While gay marriage and ObamaCare are drawing public attention at the end of this Supreme Court term, a less-noticed decision may prove to be just as important for the power of regulators. The court’s opinion in Michigan v. EPA brings major regulatory decisions under new scrutiny. Among the first on the cutting board will likely be the Federal Communications Commission’s attempt to regulate the Internet in the name of net neutrality. 

On Monday, the court struck down a rule governing power plant emissions because the Environmental Protection Agency ignored the costs and benefits of the rule — even its own estimates showed direct costs far outweighing direct benefits. Congress had ordered the EPA to regulate only when “appropriate and necessary,” which the EPA argued didn’t require cost-benefit analysis. The five conservatives on the high court disagreed, finding that “read fairly and in context… the term [appropriate and necessary] plainly subsumes consideration of cost.” In so doing the court was careful to distinguish regulatory decisions made under any standard “that on its face does not include cost.” But when Congress uses broad language, Michigan requires regulators to weigh the cost of regulation. Failure to do so is reason to strike down an agency’s decisions.


The FCC is already facing a stiff legal challenge to the Open Internet Order it issued in March. Broadband providers are focusing their legal challenge on the FCC’s decision to “reclassify” them under traditional telephone regulations (“Title II” of the 1934 Communications Act). But the Michigan decision suggests the FCC would have a hard time just defending net neutrality rules themselves. 

The decade-long debate over “net neutrality” has turned largely on the costs of translating that feel-good abstraction into regulations. Yet in both 2010 and 2014, the FCC’s chairman refused calls from the senior Republican commissioner for independent cost-benefit analysis by economists. This is unsurprising: There’s overwhelming evidence that a lack of such regulation has had positive economic impact — and plenty of evidence that imposing rules now will be harmful.

Rather than analyzing these trade-offs, the order includes only two paragraphs of cursory discussion of the new rules’ potential costs — a far cry from what Michigan seems to require. To the extent it addresses costs, the order simply insists they’re eliminated by its grant of broad “forbearance” from most of Title II. But the statute only authorizes forbearance from sections of the Communications Act “not necessary” to protect consumers and when forbearance is in the “public interest.” On both counts, Michigan would seem to require meaningful cost-benefit analysis.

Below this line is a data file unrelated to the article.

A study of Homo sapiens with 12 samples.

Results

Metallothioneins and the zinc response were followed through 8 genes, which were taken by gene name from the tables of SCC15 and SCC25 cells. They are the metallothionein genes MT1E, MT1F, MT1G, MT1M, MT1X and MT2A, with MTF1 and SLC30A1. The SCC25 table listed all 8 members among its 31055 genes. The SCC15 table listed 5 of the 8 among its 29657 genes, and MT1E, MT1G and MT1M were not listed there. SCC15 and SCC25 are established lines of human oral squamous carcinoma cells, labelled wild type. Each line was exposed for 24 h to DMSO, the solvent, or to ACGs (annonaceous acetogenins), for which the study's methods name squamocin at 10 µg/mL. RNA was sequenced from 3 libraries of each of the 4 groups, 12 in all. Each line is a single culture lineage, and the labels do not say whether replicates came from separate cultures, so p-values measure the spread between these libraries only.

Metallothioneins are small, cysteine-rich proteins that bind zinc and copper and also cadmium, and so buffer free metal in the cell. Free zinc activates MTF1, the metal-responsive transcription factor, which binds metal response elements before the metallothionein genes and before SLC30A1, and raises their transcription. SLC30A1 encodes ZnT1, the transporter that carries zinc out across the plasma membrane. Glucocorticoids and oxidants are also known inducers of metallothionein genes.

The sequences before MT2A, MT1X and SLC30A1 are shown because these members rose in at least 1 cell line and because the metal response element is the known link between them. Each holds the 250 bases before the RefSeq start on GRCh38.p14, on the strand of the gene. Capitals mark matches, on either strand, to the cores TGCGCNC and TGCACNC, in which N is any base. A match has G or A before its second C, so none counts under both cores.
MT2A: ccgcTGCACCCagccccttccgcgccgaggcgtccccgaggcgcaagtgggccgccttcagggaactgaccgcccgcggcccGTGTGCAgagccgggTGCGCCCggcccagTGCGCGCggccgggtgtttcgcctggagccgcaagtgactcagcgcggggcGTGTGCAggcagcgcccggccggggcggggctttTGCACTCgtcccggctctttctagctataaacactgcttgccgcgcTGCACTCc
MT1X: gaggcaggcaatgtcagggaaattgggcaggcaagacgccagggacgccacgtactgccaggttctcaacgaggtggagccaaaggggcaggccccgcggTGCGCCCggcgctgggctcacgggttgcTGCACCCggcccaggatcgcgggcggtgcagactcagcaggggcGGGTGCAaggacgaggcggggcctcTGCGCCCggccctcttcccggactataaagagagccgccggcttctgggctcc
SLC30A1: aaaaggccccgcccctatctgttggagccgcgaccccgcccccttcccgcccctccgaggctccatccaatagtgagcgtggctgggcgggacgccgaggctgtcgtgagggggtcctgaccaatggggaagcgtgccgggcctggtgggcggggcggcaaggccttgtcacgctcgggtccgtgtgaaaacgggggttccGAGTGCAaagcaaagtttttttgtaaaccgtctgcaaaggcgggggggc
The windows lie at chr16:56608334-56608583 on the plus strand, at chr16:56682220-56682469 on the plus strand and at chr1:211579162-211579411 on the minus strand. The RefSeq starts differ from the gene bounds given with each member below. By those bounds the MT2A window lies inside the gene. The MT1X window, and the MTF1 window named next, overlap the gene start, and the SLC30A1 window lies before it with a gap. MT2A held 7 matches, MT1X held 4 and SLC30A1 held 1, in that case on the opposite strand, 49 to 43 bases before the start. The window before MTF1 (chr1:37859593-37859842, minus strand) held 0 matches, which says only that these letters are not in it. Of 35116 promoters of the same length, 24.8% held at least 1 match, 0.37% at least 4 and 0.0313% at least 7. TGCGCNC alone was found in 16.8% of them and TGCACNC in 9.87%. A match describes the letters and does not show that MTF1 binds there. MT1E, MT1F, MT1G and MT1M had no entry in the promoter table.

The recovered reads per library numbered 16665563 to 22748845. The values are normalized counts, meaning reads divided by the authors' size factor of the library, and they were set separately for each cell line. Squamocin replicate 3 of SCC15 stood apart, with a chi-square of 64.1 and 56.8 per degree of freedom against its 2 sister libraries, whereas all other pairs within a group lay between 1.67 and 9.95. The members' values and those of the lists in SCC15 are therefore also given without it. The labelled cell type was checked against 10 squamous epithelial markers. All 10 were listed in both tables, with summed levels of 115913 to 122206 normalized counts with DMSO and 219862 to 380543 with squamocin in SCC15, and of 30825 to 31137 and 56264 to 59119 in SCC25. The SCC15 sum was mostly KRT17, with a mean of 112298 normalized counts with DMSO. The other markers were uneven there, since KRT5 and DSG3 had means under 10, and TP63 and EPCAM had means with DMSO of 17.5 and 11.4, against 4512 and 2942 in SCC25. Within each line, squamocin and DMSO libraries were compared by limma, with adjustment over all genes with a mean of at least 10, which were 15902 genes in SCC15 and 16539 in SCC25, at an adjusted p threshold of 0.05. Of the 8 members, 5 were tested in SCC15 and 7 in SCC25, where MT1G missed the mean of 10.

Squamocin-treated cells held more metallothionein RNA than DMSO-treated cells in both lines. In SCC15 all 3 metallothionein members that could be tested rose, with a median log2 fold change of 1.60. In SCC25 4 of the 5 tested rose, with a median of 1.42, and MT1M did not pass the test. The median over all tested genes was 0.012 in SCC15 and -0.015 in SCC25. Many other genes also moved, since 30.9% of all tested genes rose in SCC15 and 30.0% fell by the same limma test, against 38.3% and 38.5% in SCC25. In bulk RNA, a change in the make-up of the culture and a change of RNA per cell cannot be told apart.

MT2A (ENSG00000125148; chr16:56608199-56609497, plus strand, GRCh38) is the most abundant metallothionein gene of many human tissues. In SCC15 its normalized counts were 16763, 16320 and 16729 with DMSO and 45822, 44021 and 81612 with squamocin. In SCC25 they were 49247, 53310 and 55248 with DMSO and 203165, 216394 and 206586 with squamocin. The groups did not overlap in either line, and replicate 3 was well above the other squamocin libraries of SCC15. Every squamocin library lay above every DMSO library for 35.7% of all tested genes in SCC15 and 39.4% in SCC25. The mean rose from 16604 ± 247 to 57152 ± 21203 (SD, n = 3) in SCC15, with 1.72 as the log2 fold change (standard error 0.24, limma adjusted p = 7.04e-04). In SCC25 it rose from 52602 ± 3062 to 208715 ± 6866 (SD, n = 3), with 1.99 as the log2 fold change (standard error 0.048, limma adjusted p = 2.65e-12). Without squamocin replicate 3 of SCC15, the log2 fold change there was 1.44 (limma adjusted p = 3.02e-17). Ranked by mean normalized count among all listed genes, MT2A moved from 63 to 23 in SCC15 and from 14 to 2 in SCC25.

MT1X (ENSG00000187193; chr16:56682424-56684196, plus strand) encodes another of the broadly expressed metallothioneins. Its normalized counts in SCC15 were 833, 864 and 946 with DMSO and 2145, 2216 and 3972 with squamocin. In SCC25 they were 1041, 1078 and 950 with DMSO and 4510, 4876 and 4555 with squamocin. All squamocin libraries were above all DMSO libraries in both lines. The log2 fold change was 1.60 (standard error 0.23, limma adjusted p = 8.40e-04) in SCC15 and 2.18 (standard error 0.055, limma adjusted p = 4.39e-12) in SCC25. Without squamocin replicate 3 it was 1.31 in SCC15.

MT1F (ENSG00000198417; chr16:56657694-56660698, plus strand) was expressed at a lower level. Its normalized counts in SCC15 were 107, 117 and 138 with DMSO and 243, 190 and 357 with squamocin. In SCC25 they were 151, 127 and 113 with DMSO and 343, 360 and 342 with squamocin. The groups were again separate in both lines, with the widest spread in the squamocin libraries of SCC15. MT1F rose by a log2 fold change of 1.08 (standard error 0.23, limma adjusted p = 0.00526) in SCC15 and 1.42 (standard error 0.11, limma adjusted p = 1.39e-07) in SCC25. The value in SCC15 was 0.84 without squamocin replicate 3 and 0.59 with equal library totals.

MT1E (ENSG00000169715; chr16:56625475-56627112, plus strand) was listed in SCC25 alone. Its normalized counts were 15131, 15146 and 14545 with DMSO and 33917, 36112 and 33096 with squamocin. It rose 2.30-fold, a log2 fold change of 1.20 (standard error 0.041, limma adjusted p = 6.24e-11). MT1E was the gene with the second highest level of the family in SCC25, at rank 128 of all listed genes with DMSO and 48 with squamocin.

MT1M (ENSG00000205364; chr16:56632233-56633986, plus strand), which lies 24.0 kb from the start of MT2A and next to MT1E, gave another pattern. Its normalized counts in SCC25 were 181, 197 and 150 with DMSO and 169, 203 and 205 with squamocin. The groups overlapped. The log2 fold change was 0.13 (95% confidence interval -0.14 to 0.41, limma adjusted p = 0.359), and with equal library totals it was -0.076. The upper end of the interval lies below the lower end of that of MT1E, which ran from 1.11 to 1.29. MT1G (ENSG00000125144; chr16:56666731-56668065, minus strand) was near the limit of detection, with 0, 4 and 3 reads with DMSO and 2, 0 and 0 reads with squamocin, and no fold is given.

More generally, Michigan also signals that court is trying to check regulators’ discretion under the Supreme Court’s 1984 Chevron decision. At the outset, the court reiterates that “agencies must operate within the bounds of reasonable interpretation,” quoting from its decision last year in UARG v. EPA. There, the court blocked the EPA’s effort to “modernize” the Clean Air Act, explaining that “the need to rewrite clear provisions of the statute should have alerted EPA that it had taken a wrong interpretive turn.”

The underlying concern in both Supreme Court decisions is, as Justice Clarence Thomas writes in his concurrence, that the agency is claiming “the power to decide — without any particular fidelity to the text — which policy goals [it] wishes to pursue.” That same concern lies at the heart of challenges to the Open Internet Order. Should the Supreme Court hear the case, it will likely rule that the FCC’s need to ignore regulatory costs and to rely on forbearance to “tailor” away the otherwise unreasonable burdens of Title II should have alerted the agency that its interpretation of the statute lies was unreasonable.

If the FCC were smart, it would finally undertake serious cost-benefit analysis of the rules it wants — and also ask Congress for a long-overdue update to the Communications Act. But if the last 10 years are any indication, the agency won’t change how it operates until it finally loses at the Supreme Court. That day can’t come too soon.

 

Szoka is president of TechFreedom, a think tank has joined the litigation against the Federal Communications Commission. Hurwitz is assistant professor of law at University of Nebraska College of Law.